Editorial: The questions we must ask about club sports initiatives

Editorial Board

The Club Sports referendum has recently resurfaced after failing last spring. In April, undergraduate students voted to decide whether club sports should join the Student Presidents’ Roundtable. Had the referendum been supported, an Intercollegiate Club Athletics Board would have been established, funded by 6.5 percent of the total student activity fee fund. However, the referendum did not receive the necessary votes—with 766 votes in the affirmative and 889 in the negative—and Club Sports seems to be trying again this semester, instead as an ad hoc committee of University Student Government (USG). 

Club sports can be beneficial. Requiring no recruitment and significantly less of a commitment, club sports are supposed to be open to any student interested in joining a group based around a specific physical activity. They offer a community, incentive to exercise and are typically cheaper and easier to join than either varsity sports or programs at a local gym.

As every student pays $202 every semester for an activity fee—allocated to help fund clubs and programs on campus that are open to all students—it is important that we carefully consider referendums that determine how our money is used. 

The transition from referendum to a USG ad hoc committee does not affect students nearly as much as redistribution of the activity fee.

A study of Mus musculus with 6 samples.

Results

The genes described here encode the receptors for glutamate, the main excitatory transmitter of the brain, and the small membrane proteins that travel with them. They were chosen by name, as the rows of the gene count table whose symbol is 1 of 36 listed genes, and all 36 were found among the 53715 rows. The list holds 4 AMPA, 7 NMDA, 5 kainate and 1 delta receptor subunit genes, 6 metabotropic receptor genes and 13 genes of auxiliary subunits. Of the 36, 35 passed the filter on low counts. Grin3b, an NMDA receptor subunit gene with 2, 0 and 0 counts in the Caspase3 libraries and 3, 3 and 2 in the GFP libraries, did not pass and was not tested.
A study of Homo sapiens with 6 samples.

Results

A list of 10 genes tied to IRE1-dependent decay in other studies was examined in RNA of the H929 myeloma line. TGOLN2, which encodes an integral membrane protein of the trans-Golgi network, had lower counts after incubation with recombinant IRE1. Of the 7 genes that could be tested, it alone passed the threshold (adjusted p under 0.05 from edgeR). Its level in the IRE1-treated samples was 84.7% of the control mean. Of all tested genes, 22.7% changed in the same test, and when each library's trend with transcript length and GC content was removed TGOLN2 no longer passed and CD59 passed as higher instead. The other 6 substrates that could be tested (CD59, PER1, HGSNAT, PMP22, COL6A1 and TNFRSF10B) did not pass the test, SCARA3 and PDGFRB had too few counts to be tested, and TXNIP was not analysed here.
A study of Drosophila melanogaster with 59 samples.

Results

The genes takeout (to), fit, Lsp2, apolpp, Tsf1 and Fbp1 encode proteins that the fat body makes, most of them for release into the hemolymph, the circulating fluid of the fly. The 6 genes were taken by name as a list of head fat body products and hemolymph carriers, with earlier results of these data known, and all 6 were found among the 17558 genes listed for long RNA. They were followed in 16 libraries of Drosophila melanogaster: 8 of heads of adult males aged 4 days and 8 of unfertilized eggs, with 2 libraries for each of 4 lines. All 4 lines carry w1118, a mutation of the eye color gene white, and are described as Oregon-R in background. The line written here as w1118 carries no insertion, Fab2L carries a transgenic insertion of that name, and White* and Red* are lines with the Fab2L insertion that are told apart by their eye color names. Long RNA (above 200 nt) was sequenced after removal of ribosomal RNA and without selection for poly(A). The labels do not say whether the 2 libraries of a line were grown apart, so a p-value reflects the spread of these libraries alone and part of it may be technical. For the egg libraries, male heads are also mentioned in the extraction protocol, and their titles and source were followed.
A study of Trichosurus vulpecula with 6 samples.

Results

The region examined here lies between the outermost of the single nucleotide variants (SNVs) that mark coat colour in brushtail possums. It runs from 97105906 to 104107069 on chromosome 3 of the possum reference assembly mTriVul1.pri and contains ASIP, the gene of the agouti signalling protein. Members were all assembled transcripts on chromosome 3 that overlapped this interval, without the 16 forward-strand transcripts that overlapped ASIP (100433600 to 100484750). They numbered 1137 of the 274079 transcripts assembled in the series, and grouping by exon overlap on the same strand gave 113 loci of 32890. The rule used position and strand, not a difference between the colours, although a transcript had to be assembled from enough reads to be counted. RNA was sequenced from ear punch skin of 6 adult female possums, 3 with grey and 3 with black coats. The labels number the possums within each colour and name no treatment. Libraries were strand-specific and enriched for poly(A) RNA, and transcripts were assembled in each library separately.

However, the destiny of this transition does seem cloudy at best as USG and Club Sports try to negotiate a solution. What should be maintained as the process continues, however, are efforts to offer club sport opportunities to all students, and prioritize them at the same level as other club programs. 

Among the problems with the original referendum, the two most blaring were how it may have disproportionately supported the “ultra-competitive” club sports and defunded other non-athletic clubs. These ultra-competitive sports include crew, ultimate frisbee, cycling and hockey, which have more equipment, travel and additional expenses. 

While there is a belief that the sports who perform better should subsequently receive more funding, there may be more to this seemingly-surface argument. For instance, are these clubs really available to all students, or is prior experience necessary? And if the latter is the case, this may mean having been able to pay hundreds of dollars—if not more—for equipment and training while in high school. Requiring such experience undeniably marginalizes students based on their socioeconomic status, predominantly offering opportunities to those who are more financially secure.

Additionally, we must ensure adequate funding is distributed to other club programs, including those which may be more humanities-related, such as the University Media Board (UMB) and the Class Officer Collective. Including nearly a dozen organizations, the UMB supports radio, journalism, music, photography and political initiatives. 

While it is disappointing that Club Sports did not start with the petition to become a USG ad hoc committee and instead challenged the student activity fee allocation, the new proposal may be more successful in helping them achieve their desired raise. Furthermore, the embarrassing lack of transparency in the spring referendum should still be addressed before club sports receive additional funding. That is, a failure to accurately present how the increased funds would be distributed both among the different club sports and how each specific sport would use the money. 

Like many other things happening on campus, and in our community, it is important that we ask for the details to make an informed decision and ensure we are supporting—both financially and socially—initiatives that provide opportunities for students to pursue interests, may they be major-related or otherwise, across all disciplines.